Next probe on 'failure to protect investors'Top News | Jane Cheung 29 Jul 2021
Next Digital, founded by imprisoned pro-democracy media tycoon Jimmy Lai Chee-ying, will have its corporate governance investigated by an inspector appointed by Financial Secretary Paul Chan Mo-po.
Clement Chan Kam-wing, former president of the Hong Kong Institute of Certified Public Accountants, will inspect the management of Next Digital - suspended since June 17 - and submit a report in six months.
The Companies Ordinance was invoked to appoint an inspector to investigate a listed company for the first time since 1999, when it was used on Peregrine Investments Holdings a year after it collapsed.
Chan said it appears Next Digital has been "run in a manner unfairly prejudicial to the interests of its shareholders and creditors." He suspects the firm's officers tied to alleged fraud offenses and misconduct have used it to conduct unlawful activities, adding they could have breached their fiduciary duties.
"[They] failed to observe proper standards of care in the performance of their duties and the governance of the company has seriously fallen short of that expected of a listed company," he said.
"All circumstances have given rise to grave concern on whether there was serious mismanagement in particular its officers' involvement in alleged criminal offenses or misconduct and their failure to prevent this from happening."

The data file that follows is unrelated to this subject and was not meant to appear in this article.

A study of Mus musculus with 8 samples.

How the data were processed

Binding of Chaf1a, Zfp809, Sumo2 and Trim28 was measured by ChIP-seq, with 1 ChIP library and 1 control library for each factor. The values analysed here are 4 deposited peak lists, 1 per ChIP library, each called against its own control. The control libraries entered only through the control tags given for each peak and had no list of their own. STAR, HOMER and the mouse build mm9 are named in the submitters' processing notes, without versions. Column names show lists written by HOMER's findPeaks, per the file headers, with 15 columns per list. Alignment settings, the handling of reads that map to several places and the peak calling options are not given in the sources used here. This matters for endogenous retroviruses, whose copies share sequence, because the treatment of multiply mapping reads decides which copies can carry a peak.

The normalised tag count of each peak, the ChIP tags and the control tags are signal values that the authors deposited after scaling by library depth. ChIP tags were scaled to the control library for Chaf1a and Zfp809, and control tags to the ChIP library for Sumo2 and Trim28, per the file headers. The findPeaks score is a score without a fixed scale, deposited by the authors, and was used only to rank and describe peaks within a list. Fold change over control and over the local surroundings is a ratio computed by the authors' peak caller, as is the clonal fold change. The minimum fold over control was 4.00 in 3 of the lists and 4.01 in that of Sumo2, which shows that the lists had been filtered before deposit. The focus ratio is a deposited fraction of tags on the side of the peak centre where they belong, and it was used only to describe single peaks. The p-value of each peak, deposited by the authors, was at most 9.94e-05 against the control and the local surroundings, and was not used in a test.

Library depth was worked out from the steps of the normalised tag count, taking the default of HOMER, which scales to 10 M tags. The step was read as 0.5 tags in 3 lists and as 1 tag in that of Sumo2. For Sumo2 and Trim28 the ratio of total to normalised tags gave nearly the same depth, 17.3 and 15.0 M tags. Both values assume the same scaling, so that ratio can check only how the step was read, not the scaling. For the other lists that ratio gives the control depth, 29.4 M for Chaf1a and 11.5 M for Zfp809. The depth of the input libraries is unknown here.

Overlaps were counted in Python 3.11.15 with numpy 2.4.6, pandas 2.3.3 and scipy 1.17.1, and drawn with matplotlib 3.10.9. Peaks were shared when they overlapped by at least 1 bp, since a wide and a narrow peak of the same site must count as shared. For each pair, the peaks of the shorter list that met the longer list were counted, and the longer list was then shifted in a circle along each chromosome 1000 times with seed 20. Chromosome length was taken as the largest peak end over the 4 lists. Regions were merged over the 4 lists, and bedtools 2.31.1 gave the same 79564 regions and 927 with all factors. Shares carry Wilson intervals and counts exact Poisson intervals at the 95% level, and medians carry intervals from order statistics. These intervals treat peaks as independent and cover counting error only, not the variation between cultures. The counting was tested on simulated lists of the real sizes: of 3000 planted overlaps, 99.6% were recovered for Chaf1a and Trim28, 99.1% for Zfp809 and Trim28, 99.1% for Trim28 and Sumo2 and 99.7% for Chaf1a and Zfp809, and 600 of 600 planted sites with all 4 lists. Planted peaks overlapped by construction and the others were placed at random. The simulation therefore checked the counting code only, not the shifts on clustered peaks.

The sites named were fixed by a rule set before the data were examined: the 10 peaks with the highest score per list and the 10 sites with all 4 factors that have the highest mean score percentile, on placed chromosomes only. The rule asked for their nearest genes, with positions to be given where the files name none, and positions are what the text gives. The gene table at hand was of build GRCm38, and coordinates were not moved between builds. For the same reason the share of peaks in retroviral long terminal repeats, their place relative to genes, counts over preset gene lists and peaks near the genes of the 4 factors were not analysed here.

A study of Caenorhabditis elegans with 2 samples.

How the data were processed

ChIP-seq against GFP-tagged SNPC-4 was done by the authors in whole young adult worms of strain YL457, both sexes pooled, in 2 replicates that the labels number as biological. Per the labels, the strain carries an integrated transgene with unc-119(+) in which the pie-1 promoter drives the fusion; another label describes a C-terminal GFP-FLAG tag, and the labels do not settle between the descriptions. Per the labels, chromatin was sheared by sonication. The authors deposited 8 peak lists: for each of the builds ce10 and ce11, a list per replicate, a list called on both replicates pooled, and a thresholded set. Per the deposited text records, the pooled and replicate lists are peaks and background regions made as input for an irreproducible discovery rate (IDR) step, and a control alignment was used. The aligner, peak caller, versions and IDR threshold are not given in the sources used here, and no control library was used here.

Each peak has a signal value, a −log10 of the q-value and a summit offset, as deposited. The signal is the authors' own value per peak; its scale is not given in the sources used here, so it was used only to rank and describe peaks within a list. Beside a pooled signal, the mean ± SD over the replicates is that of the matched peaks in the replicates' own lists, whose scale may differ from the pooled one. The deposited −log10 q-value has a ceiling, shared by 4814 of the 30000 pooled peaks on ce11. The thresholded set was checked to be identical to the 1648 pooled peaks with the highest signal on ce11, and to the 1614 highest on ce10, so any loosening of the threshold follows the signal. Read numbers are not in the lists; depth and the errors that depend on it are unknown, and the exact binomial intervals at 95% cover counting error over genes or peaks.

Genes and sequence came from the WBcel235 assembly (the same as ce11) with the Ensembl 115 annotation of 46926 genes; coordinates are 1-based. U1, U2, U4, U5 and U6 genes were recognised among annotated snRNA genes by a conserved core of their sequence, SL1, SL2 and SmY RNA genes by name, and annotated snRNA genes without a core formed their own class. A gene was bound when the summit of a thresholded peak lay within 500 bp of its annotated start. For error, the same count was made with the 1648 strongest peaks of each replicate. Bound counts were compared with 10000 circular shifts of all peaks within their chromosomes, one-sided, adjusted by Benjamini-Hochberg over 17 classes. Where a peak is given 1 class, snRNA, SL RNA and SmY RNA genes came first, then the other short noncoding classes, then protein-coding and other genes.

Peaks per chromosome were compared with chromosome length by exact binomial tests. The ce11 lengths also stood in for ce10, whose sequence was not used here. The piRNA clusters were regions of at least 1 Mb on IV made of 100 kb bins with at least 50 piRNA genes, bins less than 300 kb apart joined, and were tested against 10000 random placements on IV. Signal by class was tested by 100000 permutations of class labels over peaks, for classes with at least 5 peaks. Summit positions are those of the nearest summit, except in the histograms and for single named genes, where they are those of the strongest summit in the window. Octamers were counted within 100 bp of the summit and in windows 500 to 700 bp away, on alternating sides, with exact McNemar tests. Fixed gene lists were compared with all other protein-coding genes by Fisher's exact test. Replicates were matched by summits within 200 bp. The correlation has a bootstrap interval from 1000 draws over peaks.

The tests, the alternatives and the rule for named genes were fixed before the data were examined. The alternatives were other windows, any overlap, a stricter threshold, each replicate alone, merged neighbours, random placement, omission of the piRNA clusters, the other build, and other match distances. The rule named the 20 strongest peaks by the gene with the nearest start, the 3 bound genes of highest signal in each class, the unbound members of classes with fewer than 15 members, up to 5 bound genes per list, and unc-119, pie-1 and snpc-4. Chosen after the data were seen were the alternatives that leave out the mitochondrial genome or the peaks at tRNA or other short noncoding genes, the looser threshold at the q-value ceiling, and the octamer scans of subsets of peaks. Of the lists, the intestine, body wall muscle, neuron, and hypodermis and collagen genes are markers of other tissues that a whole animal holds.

Chan questioned whether the officers had taken reasonable and adequate measures to protect the interests of shareholders and creditors.
He cited as an example a notice issued in May, when Next Digital said it had sufficient cash reserves to support operations until September next year.
But when on June 17 then secretary for security John Lee Ka-chiu froze HK$18 million of assets at three subsidiaries, including Apple Daily, in a national security investigation, the newspaper announced termination of its publication on June 23 and printed its last edition on June 24.
Chan also said Next Digital only revealed last week that it repaid a HK$150 million loan from Lai in April - earlier than its scheduled repayment date - contributing to a plunge in the firm's cash reserves. He said he suspects the company intentionally swindled stockholders.
Chan said as a leading international financial and commercial center, Hong Kong attaches paramount importance to uphold integrity and reputation of the corporate sector and the corporate governance regime.
The financial secretary also said Clement Chan, a Securities and Futures Commission nonexecutive director, has a wealth of experience in public service.